While the building industry has been quick to incorporate two of the three Rs (reduce and recycle) into sustainable practices, the idea of “re-using,” especially when it comes to water, is not exactly mainstream. But with grey water recovery systems starting to gain traction in commercial and multi-residential buildings, that may begin to change.
The concept behind large grey water recovery systems is simple. Water used in showers and/or laundry machines runs through dedicated pipes into a system where it is filtered and disinfected. It can then be re-used in toilets and sub-surface irrigation.
“Toilets remain the single greatest water user,” says Mark Sales, CEO and co-founder of Mississauga-based Greyter Water Systems.
Sales says it simply does not make sense to use potable drinking water to flush a toilet. It is not only environmentally wasteful but it can lead to money going down the drain.
“It all boils down to rates. Water is being looked at differently (because) water rates are going up,” he says, adding that depending on the municipality, rates have increased between seven and 11 per cent since 2007.
According to John Bell, vice-president of business development at Greyter Water Systems, re-using water that is already fairly clean for secondary purposes simply makes sense.
“It is the perfect supply and demand,” he states.
Bell explains that in York Region, a lack of access to fresh water means it has to be pumped long distances. Eighty-five per cent of the region’s water comes from Lake Ontario, and the costs add up. By re-using water and reducing usage, the municipality can cut-down on consumption, demand and transportation costs.
For property owners and managers, Bell has a simple calculation that illustrates the potential savings grey water recovery systems can create. On average, each building occupant flushes a toilet seven times a day, at six litres per flush (for a standard building code toilet). In a six-storey multi-residential building with 230 tenants, for example, this would result in saving approximately 3.5 million litres of water per year.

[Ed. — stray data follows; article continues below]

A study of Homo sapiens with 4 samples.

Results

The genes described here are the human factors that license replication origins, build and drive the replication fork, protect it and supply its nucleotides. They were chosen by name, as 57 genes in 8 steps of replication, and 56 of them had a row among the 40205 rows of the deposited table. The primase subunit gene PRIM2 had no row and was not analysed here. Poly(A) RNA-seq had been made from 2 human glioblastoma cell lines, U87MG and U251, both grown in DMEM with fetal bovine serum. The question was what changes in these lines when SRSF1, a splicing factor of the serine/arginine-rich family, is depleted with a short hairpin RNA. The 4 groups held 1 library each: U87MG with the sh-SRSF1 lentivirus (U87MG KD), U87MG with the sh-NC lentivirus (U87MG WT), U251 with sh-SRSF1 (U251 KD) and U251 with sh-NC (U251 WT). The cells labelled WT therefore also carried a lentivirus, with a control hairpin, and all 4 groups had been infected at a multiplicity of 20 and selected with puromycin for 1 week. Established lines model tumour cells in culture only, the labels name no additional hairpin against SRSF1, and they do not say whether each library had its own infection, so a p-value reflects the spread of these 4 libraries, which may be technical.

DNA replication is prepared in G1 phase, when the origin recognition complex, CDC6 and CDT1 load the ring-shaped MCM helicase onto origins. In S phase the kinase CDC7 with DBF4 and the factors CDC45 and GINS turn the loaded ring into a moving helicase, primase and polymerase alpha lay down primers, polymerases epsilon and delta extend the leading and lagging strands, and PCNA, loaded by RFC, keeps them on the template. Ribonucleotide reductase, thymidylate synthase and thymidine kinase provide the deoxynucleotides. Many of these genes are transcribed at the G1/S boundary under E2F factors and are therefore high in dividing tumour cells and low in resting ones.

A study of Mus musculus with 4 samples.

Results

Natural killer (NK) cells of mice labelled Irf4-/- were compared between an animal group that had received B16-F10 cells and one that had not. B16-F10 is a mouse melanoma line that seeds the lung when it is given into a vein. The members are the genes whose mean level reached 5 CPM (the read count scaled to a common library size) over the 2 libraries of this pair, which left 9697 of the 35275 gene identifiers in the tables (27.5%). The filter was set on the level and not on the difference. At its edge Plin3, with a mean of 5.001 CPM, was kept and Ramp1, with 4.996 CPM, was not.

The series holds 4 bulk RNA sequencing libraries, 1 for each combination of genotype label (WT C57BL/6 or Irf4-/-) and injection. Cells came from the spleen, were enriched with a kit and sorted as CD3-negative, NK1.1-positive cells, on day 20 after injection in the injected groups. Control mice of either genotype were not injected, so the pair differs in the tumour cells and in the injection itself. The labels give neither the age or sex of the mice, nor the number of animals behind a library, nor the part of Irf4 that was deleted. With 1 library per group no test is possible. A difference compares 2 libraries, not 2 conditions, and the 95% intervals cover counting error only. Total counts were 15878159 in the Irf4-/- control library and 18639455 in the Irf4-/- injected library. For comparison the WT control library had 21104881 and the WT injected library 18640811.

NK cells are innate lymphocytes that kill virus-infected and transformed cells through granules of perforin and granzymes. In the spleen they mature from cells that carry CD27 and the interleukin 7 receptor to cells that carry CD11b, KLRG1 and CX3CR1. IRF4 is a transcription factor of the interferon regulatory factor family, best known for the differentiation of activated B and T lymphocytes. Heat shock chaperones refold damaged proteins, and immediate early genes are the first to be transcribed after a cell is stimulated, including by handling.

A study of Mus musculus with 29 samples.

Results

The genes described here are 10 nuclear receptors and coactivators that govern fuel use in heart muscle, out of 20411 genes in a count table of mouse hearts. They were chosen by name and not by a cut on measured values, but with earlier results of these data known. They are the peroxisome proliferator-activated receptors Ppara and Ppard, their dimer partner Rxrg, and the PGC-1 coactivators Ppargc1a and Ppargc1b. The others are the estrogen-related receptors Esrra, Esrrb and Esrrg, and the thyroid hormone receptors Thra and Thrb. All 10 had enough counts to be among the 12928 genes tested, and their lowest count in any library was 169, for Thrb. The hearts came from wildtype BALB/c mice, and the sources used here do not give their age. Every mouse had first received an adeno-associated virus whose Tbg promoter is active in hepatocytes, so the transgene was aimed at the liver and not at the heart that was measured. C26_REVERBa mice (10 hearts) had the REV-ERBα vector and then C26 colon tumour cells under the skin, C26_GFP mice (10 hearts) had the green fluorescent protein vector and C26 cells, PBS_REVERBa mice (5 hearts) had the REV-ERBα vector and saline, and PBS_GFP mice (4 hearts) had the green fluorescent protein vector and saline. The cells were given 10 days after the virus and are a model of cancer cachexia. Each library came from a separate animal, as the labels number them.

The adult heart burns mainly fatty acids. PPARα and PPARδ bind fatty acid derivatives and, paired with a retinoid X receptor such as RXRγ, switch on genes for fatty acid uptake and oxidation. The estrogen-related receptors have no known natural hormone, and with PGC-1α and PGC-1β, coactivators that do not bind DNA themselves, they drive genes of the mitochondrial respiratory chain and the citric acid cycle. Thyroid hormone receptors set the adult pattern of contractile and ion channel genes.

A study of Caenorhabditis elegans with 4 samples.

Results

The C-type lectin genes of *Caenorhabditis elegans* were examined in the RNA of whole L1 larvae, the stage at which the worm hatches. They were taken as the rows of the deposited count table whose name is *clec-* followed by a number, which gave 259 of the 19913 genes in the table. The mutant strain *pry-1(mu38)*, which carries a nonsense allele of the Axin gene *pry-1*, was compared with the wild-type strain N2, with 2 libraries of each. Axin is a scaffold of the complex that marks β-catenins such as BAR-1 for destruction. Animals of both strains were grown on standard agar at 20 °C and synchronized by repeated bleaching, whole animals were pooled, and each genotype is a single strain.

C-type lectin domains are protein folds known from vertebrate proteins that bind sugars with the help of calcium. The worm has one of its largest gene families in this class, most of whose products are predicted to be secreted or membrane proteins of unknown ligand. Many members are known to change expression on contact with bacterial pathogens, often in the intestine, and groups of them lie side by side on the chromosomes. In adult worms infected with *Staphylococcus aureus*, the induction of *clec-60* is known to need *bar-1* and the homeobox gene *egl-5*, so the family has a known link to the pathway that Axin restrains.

Based on today’s water rates and projected increases, a property with more than 20 people can expect the system to pay for itself in four to seven years, says Bell.
While the implementation of grey water recovery systems seems like a no brainer, Laura Allen of Greywater Action says education and awareness remain an issue when trying to promote the technology.
“There are so many different types of systems,” says Allen, a founding member of the California-based water conservation and education group.
Besides the larger systems that companies like Greyter Water Systems offer, there are small, low maintenance systems available for installation in single-family homes.
People need to be educated about both in order to understand the differences, says Allen.
On the upside, people are starting to gain a greater awareness about grey water and its benefits. Allen says there has been an overall rise over the past 15 years, with higher spikes of interest during water shortages and droughts. In California, the push has come from individuals rather than municipalities, she notes.
The lack of awareness among builders and architects is something Greyter Water Systems is trying to change, especially since new construction is the company’s ideal market. (Retrofitting an existing building with a grey water recovery system is possible but the need for dedicated pipes means it is usually a bigger job and can be cost prohibitive in some larger properties.)
This knowledge barrier is one that needs to be overcome in order to facilitate the widespread inclusion of grey water recovery systems in new buildings.
“You have to have acceptance,” says Bell. “Grey water is not readily accepted in every single market.”
He explains that while some properties in Ontario, Quebec, Manitoba and Nova Scotia can incorporate grey water systems, this isn’t the case everywhere in Canada. Building codes in other provinces differ, and developers are either prohibited from installing a grey water system or require a variance before one is allowed.
However, there are incentives for building owners and managers looking to implement a grey water system of their own. For instance, properties can earn more than 10 LEED (Leadership in Energy and Environmental Design) points for water conservation. A grey water system can help buildings aiming for LEED gold or higher reach their goal.
“You almost have to incorporate grey water or rainwater harvesting (to reach these levels),” says Bell.
He predicts that through a mix of incentives and government action, grey water technology will take off in the near future. Bell even goes so far to say that he would not be surprised if grey water systems are legislated into new building construction one day as it just makes good economic and environmental sense.
“Conservation is a natural fit,” he says.
Daniel Viola is the online editor of Building Strategies & Sustainability and Canadian Property Management magazines. He is also the editor of Property Management Report.